Based on vs Inspired by

Lines Between Reality And Creativity Blur: ‘Based On’ VS ‘Inspired By’

At one point or another, we all have seen “Based on a true story” or “Inspired by” on movie posters, book covers, and even in video games. As a result, we’re all guilty of it, we the audience immediately want to see, read, and play it because we want to experience the story, especially if its horror related! What happens afterward is a moment of either instant regret, confusion, or in some cases satisfaction without realizing we have a fishhook sticking out of our cheeks.




First, we need to get the obvious out of the way: What’s the difference between “Based on” and “Inspired by”?  This is the best way I came up with to explain it:

Based on: It’s supposed to be based on facts without anything really added to it.

Inspired by: An event or person’s story inspire an original narrative with creative license.

I’ll follow up with some examples of correctly and incorrectly made films.




While in the movie it’s clear that the paranormal events surrounding Emily were real, in the case of Anneliese there was a lot of doubt as she showed signs of severe mental health problems and the priests used “Doctrinaire Induction” to feed into Anneliese (who was deeply religious along with her family) belief that she was possessed, and many believed she saw The Exorcist that came out around the time she was said to have become possesses and audio recordings of her during her exorcism sounded like she was mimicking Linda Blair’s possessed voice from the film.












What does not help with the story surrounding the Amityville case is that owners of the house since the Lutz family “fled in terror” have not reported any significant paranormal events but the biggest iceberg that sank the ship that’s the Lutz’s story was the Lutz family themselves as the recounts of events while living in the house constantly changes and revisions of their book constantly changed as well. James Brolin who played George Lutz in the 1979 film said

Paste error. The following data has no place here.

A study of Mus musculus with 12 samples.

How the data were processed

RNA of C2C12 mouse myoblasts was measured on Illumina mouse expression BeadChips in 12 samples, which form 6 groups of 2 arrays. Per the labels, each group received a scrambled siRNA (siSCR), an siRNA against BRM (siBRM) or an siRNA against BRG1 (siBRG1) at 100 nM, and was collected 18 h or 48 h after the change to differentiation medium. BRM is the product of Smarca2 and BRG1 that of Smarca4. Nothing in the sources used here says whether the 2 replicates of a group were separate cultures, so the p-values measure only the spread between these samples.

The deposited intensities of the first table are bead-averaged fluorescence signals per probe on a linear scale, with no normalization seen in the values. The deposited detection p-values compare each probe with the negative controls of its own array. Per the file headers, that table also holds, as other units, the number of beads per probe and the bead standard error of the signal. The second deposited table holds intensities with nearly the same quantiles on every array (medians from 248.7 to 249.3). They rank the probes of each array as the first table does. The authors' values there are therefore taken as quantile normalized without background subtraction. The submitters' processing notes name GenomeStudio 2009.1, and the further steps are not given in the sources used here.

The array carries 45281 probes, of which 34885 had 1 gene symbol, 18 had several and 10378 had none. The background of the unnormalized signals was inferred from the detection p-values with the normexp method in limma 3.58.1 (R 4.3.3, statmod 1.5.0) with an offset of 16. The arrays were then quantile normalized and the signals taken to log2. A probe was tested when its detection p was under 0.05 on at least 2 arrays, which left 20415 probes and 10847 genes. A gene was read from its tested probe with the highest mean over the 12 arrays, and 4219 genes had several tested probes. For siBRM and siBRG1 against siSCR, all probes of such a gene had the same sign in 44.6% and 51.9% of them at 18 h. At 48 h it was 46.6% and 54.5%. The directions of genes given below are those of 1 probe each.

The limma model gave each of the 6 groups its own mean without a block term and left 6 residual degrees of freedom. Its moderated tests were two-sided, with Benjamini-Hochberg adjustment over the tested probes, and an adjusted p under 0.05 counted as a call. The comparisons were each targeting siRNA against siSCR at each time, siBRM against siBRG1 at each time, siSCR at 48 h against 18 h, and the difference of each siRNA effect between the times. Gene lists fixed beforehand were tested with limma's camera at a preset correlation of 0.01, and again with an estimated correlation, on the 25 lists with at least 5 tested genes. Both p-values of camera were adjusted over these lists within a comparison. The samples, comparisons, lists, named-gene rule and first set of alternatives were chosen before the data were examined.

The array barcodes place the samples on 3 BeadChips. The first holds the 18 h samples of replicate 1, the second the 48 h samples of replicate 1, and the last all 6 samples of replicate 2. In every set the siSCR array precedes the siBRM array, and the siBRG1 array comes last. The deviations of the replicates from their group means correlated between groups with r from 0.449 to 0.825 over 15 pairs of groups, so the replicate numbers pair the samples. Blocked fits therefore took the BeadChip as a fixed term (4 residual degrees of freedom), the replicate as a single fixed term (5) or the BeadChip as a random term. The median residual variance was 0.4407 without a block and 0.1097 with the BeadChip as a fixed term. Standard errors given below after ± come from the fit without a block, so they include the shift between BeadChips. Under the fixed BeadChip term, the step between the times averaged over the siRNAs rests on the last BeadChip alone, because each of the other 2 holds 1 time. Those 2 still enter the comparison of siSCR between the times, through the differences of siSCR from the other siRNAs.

-when you would talk to the family and the kids and I would ask them questions, they would not go, ‘Well, Uhm…’ They’d have the answer right now [snaps his fingers] like they’d been schooled. And that was my take.”


When it comes to “Based on” films and stories, those tend to be more on the money when it comes to biographical films but they tend to stretch the truth a bit to make the film entertaining or in some cases have a happy ending, or to have a “feel good” moment, like in the sports film The Blind Side the film made Michael Oher appear as a large timid youth who knew nothing about football but found himself after being taught to play it while in real life Oher already knew about and loved the game of Football and even was a good Basketball player but it was left out of the films.

Don’t forget, sometimes these stories we are seeing on the screen, reading in a book or playing late at night, maybe inspired by real-life events or experiences of the stories writer. It happens a lot in literature and films where characters are based on or were inspired by real people, hence why at the end of film credits you’ll usually see a disclaimer at the end of the credits, even in biographical ones.